We are closing out the fiscal year with a U.S. budget deficit that is running 7.4% of GDP--a record high for a non-emergency year, as we discussed yesterday.
How much does the deficit need to come down to stabilize debt and avoid a "fiscal doom loop" where higher interest costs result in higher deficits that result in more debt and future higher interest costs? The short answer is: a lot.
Basically, we need to cut that deficit by around 5 percentage points, according to the Center for American Progress. The current "fiscal gap," they note, is 2.4% of GDP, meaning if we can stay below that level, we can keep the debt load from continuing to grow.
So how do we do that? CAP argues through tax increases, to raise government revenues. They believe the Bush and Trump tax cuts together are responsible for continued revenue shortfalls (and historical debt increases) that are resulting in chronic deficits that keep adding to the debt pile. Revenues are currently running just under 17% of GDP, and boosting that by five points, to 22% of GDP, would get us to sustainable deficit levels.
The trouble is, it's been very difficult historically to raise revenues that high. The fifty-year average of total government revenues as a percentage of GDP is only 17.7%. The St. Louis Fed even keeps a history of tax receipts specifically as a percent of GDP, which since 1950 have averaged almost exactly 17%. The highest-revenue years in recent decades have been those that followed strong economies and monster market moves; specifically, in 2000 and 2022. The lowest proceeds followed recessions.
All of that said, trying to raise revenues as much as possible through tax hikes is clearly going to be part of the needed solution. And that's because it's equally unfeasible to try and cut government spending by five points points to stabilize the deficit. Of the 24% of GDP the government is spending this year, Social Security is 5 points of that, "other mandatory" is also 5, Medicare is 4, Medicaid and health about 3, defense 3, interest is now 2.5, and that leaves..."non-defense discretionary" at a measly 3.5 (data via Goldman Sachs).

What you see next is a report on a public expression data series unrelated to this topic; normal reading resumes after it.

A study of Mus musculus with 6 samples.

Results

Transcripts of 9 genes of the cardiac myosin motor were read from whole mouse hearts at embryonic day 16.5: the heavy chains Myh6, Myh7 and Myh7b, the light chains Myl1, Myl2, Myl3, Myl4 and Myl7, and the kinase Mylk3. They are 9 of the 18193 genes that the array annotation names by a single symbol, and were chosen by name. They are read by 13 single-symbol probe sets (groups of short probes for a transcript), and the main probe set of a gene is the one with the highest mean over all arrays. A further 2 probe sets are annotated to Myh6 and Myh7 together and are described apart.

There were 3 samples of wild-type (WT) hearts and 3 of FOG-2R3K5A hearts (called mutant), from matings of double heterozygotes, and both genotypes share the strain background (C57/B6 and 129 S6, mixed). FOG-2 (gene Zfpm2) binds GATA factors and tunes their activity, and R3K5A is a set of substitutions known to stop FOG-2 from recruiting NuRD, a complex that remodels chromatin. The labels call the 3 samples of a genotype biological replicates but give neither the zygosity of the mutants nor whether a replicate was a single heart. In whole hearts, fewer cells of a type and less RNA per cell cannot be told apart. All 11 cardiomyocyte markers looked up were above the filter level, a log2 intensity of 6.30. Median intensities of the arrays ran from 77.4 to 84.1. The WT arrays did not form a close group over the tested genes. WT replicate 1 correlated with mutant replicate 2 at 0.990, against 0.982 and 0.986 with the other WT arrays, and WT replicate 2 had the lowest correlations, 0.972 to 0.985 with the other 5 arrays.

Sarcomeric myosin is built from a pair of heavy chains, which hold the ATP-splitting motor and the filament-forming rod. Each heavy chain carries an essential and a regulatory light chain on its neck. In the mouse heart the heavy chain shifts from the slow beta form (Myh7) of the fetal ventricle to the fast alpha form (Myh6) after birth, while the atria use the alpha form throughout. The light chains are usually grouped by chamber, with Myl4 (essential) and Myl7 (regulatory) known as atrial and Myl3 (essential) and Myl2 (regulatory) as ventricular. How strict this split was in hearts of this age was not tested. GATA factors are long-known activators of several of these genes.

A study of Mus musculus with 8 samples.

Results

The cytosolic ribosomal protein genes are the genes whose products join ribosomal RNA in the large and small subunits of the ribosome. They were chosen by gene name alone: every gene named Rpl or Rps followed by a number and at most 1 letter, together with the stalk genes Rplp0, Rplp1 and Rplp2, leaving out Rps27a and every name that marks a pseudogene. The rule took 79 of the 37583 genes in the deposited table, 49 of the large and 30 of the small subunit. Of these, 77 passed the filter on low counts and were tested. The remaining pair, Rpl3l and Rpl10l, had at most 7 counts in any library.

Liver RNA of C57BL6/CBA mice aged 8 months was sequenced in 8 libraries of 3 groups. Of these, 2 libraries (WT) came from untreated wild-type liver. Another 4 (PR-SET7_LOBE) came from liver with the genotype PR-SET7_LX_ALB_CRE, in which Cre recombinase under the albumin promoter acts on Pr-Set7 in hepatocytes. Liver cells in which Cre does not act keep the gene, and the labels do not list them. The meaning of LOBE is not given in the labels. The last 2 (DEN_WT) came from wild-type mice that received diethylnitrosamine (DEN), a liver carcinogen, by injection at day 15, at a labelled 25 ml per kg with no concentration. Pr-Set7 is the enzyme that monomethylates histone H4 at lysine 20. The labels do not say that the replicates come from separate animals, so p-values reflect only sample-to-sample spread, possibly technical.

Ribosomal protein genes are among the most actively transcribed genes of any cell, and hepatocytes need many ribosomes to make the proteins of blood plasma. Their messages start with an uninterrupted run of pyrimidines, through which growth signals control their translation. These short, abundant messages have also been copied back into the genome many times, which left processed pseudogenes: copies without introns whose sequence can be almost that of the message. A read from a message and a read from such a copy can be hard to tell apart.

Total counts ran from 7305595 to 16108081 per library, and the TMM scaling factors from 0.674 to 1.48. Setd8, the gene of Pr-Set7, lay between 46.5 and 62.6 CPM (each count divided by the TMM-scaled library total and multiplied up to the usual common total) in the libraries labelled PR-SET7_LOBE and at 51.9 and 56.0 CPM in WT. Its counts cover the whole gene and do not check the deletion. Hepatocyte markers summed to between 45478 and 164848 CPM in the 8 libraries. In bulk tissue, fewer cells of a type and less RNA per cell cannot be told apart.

Clearly, small cuts to all of these categories is the only possible way to bring spending back down to historical levels, of just under 20% of GDP on average--and even that will be a hugely difficult feat. Looking at the experience of other countries that have successfully lowered their deficits, the Tax Foundation says a "rough guideline" should be to aim for "60 percent or more of a plan's savings coming from spending cuts, and 40 percent or less from revenue increases."
Point being, getting us back to something "sustainable" is going to be very, very difficult. Is it impossible? The CBO expects the deficit to be 5.5% or more of GDP for the next decade. Even the expiration of the Trump tax cuts won't bring it below that level, they note. And interest payments are perhaps the single biggest reason for these chronic shortfalls; although without them, the "primary deficit" is still troublingly high by historical standards, approaching 3.5%.
So again, we have to raise revenues, cut spending, and hope that interest rates return to much lower levels if we want to quickly close the budget deficit. Investors are understandably skeptical, and already pondering other backstops. The most obvious one? The Federal Reserve. It was an overwhelming buyer of Treasuries for the past decade-plus, as it engaged in several "quantitative easing" efforts to lower rates and boost the economy.
Now, the Fed is going the other direction, and rapidly shrinking its balance sheet. But if push comes to shove, could it--and would it--start massively buying government debt again? There is "no prospect of controlling the rise of debt unless you think future nominal GDP is going to be much higher," warned Deutsche Bank's Jim Reid in a note this morning. "If anything, investors might want extra yield to compensate for the extra supply, which will make the debt build-up worse."
In closing, he wrote: "My long-term thoughts are that we will need QE in some form again, and in big size, in the future to control the rise in debt. Either that or a big change in government spending versus revenues." Godspeed, Congress.